By Michael Banks
Yep, it’s that time of year again, when predictions for the Nobel prize get bandied about and notable physicists will be making sure that their mobile phones are fully charged in anticipation of a call from Stockholm.
The 2013 Nobel Prize for Physics will be announced on Tuesday 8 October at 11:45 CET. Work on the Higgs boson, which was discovered last year at CERN’s Large Hadron Collider, is the surely the hot favourite to win this year, but the Nobel Foundation sometimes springs surprises and 2013 may be no different.
So who do you think will win this year’s prize?
As usual, the information service provider Thomson Reuters has come out with its three picks. Top of that list is Francois Englert and Peter Higgs for their work on the Brout–Englert–Higgs boson particle. Geoffrey Marcy, Michael Mayor and Dider Queloz are also in the mix for their discoveries of extrasolar planets, while Hideo Hosono is tipped for his discovery of iron-based superconductors. But Thomson Rueters hasn’t got the greatest track record for the physics prize, it’s picked some winners but they’ve only won in subsequent years.
Here at Physics World HQ, we’re also putting our money on the Higgs (although who exactly should win the prize is another question). But there are many other options for the Nobel Committee to contemplate, including Alain Aspect, Anton Zeilinger and John Clauser for work on Bell’s inequality – experiments that established quantum entanglement.
Another frontrunner is work on neutrino oscillations, which would put Art McDonald of SNOLAB in the running, along with Atsuto Suzuki from Japan’s SuperKamiokande experiment.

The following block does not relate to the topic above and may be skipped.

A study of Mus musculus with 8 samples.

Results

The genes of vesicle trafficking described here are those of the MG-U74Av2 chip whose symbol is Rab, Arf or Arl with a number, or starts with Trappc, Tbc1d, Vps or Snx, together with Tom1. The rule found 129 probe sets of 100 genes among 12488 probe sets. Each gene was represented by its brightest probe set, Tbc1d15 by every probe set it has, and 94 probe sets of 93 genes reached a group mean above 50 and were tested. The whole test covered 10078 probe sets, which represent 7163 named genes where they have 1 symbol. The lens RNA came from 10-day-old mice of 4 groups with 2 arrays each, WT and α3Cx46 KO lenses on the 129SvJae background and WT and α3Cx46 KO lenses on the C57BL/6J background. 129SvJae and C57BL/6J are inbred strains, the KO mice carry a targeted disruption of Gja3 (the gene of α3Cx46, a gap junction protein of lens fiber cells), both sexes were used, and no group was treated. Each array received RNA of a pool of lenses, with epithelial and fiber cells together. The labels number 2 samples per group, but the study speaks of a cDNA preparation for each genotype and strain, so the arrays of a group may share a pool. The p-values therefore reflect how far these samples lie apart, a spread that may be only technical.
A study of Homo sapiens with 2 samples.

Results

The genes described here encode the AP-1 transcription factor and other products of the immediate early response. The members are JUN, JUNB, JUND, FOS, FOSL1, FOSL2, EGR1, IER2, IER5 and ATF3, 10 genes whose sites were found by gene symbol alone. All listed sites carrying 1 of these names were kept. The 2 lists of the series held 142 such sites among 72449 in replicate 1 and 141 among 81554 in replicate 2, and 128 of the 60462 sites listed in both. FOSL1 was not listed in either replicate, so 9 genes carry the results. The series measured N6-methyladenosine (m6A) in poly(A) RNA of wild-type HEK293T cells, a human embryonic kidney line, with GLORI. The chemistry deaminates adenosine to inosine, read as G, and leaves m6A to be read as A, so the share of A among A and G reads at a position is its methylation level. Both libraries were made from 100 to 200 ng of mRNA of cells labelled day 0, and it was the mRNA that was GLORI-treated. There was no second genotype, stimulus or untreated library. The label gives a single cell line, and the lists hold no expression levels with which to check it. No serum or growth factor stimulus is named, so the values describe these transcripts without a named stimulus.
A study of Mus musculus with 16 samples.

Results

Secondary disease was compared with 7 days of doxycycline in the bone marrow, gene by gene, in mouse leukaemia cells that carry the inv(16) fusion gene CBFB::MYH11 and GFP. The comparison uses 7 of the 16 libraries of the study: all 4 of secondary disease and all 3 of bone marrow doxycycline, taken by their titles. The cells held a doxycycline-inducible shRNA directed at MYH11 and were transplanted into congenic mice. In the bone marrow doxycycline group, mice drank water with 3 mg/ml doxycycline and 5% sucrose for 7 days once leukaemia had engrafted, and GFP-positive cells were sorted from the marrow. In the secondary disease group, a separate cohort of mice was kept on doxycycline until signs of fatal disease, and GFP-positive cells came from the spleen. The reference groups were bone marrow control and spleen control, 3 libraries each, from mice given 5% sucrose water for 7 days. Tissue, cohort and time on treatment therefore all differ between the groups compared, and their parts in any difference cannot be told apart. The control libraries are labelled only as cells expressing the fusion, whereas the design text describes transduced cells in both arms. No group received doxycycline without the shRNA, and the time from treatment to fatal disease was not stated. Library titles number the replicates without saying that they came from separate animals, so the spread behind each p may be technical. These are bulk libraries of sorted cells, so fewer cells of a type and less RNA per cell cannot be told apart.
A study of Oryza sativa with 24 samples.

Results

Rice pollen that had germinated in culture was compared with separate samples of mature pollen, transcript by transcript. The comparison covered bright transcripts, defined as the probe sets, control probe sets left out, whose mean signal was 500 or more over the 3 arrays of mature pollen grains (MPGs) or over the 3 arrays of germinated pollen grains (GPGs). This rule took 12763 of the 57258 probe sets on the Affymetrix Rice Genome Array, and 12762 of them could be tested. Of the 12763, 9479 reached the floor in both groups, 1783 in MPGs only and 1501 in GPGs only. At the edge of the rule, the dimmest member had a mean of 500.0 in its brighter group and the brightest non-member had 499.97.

Then there is the Aharonov–Bohm effect and the Berry phase – which means that the prize would be shared by Yakir Aharonov of the Chapman University in California and Bristol University’s Michael Berry. (David Bohm died in 1992 so is ineligible for the prize.) Other researchers who could be booking their tickets to Stockholm are John Pendry of Imperial College London and Duke University’s David Smith, for their prediction and discovery of negative refraction, possibly alongside Ulf Leonhardt from the Weizmann Institute of Science.
And last, but not least, a senior figure in the physics community tells us that Shuji Nakamura at the University of California, Santa Barbara is in with a definite shout for the invention of white and blue LEDs – a major breakthrough in lighting technology.
We will just have to wait and see, but if that has whetted your appetite for more things Nobel, then fear not, as Nobel Media has just released 140 videos of interviews with Nobel laureates about their work and how the prize has changed their lives (see an example above). You can watch all the videos here.